Avatar: The Legend of Korra

As a long time fan of Avatar: The Last Airbender, I was pumped for the return of the series when it aired.  While it isn’t the story of Aang, it certainly has a devoted following for good reasons.

It was difficult going from the young Aang of Avatar: The Last Airbender to the teenage characters of Korra. This was one of the first and hardest things to get over in the transition as an adult viewer.  One of the beautiful things of the story of Aang is the simplicity it represents.

That said, Avatar Korra has got to be one of the most mature series on Nickelodeon.  It doesn’t matter the viewpoint the viewer comes from, it stands on its own with strength, compassion and fortitude.

I greatly enjoy watching it with my inner child, as it has far more fight scenes, more weapons and more ‘bad guys’.  It’s fun.  It’s easy to slip into the world it presents and enjoy it just for what it is.  The relationships are more complicated than Aang’s story with the confusion of hormones conflicting with the deep friendships of youth.  We see our many heroes like firebender Mako, earthbender Bolin, the airbender children of Master Tenzin and the waterbender-by-birth Avatar Korra growing up with their magical abilities, learning more about themselves and their gifts in the process.  Even Asami who is not a bender, but very practical we see grow in her own way.  This in itself is a beautiful thing to experience as a viewer.  It helps youth understand the growing pains of adolescence.  It also helps adults remember those growing pains.  Watching it as a parent brings a smile to my face.  I can’t wait for my boy to be old enough to share this with him.

The Team
Asami, Bolin, Korra, Mako and Master Tenzin

This time around it isn’t the irascible fire of an angsty adolescent providing antagonism to drive the story forwards.  Each season has its own antagonist, and that’s about the best word to describe them.  ‘Bad guys’ doesn’t do these bad guys justice.  The beauty of the maturity of this series shines here.  These antagonists are human.  They are flawed, have in-depth backstories, and end up falling by becoming over zealous in their ambitions. There are social tolls they forget about.  Amon wants equality for benders and non-benders alike, and his method of removing bending abilities echoes of the creepiest characters of the story of Aang.  Unalok  is a father-figure, a spiritual mentor to Korra, and his children powerful in their own bending abilities.  A hypocrite, his path puts him in direct conflict with the origins of the Avatar soul.  The repercussions of his ambitions really do change their world, but its hard to say whether those changes are for the better or worse.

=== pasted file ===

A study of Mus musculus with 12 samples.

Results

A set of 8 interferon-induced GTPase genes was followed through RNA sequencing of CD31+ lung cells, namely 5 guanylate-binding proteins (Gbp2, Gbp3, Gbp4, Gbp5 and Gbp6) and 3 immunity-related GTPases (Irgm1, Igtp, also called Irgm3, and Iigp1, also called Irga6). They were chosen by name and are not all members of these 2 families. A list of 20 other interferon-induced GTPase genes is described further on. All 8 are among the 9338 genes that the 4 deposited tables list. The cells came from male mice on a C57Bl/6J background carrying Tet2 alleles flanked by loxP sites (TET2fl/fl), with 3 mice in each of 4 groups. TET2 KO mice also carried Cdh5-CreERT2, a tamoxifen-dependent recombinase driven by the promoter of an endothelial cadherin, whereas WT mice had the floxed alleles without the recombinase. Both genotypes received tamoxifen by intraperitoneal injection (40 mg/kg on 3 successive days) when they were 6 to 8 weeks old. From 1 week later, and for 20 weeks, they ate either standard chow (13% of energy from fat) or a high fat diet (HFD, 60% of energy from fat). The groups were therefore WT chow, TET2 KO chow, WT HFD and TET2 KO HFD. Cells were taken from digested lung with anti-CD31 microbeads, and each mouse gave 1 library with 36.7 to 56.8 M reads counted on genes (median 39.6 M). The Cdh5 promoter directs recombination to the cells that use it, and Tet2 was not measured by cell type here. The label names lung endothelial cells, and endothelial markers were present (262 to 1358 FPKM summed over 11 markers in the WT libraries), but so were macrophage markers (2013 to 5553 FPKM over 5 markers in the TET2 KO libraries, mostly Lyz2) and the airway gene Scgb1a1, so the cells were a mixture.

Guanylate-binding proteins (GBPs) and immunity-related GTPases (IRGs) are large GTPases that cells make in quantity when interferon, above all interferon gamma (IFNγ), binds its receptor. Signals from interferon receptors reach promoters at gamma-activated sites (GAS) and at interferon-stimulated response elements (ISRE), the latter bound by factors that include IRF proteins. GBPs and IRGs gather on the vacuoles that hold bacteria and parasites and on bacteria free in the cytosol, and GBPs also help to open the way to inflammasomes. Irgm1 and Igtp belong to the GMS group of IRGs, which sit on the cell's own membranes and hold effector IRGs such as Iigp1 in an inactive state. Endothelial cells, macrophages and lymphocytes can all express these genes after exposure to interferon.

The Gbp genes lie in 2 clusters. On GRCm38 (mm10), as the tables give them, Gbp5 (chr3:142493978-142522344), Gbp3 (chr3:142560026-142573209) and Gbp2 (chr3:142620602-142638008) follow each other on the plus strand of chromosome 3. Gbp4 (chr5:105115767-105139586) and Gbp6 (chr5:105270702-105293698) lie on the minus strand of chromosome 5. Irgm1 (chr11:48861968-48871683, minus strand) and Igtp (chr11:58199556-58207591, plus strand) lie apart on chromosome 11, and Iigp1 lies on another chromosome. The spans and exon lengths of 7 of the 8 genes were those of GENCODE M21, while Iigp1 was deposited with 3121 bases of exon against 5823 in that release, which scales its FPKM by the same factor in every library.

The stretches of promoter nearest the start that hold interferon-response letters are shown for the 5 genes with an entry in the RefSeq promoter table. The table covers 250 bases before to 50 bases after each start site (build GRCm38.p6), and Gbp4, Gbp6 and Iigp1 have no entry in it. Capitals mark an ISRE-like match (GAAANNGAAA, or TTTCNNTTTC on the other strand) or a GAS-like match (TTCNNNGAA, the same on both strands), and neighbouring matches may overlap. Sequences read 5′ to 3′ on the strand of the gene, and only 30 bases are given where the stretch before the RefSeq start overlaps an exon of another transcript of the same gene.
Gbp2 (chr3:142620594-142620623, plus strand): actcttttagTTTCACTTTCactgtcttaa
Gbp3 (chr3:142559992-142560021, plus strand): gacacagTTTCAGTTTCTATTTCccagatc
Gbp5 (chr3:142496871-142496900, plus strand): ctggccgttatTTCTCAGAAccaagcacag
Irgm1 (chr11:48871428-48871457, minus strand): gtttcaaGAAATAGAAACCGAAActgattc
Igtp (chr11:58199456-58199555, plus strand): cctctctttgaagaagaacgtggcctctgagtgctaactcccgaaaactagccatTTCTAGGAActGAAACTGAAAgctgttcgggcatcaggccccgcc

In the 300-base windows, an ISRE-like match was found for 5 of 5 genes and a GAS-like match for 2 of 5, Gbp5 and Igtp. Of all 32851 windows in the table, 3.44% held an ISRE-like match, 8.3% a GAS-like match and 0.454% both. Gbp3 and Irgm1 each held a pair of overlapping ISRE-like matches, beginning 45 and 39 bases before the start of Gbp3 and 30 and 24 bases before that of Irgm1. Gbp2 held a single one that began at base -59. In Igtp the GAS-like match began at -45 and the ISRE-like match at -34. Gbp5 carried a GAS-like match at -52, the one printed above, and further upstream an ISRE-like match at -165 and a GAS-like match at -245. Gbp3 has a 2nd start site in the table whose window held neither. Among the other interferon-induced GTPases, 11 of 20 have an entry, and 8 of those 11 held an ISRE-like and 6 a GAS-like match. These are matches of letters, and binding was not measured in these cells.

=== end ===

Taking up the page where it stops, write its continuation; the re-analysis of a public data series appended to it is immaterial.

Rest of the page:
This harkens of a really amazing thing that The Legend of Korra manages; bringing mental health to light and normalizing its challenges.  Korra always seems to be under the thumb of an enemy, and it causes depression.  In the beginning of the series she acts quickly and impulsively. By the end she is acting slower and feels depressed because she doesn’t know what the right thing to do is.

Zahir, an antagonist in The Legend of Korra
Zahir, an antagonist in The Legend of Korra

My personal favorite antagonist ever, Zahir, an evil airbender, hurts Korra severely enough that it takes time for her to heal.  He doesn’t have anything directly against Korra, rather she is a stepping stone in his plan of action.  What he does to Korra causes mental health challenges for her.  She eventually has to face her fears and learn to transcend them.

It is hard to compare a series like Korra to much else.  Rarely do viewers get to enjoy a show that mixes magic with present issues in the world.  Sadly, it illuminates the fact that almost never is spirituality a theme in shows for a YA audience, which makes it very dear to my heart.  The show is serious yet doesn’t get too heavy or take itself too seriously.  It has charm, depth and characters that we see learn more about themselves as they grow.  We see Korra face challenges, be wounded, seek healing (and even learn to become a healer) and grow as a person.  The only time I have seen this in animated form is with Aang’s story, and perhaps ADV Film’s Neon Genesis Evangelion, which is a very different show altogether.

As a parent this is a show I recommend to other parents and kids alike.  You won’t be disappointed.  As a writer, this is one writing team I would love to work with.  With Korra finished for not the first time, I am on to my next anime, Serial Experiments Lain.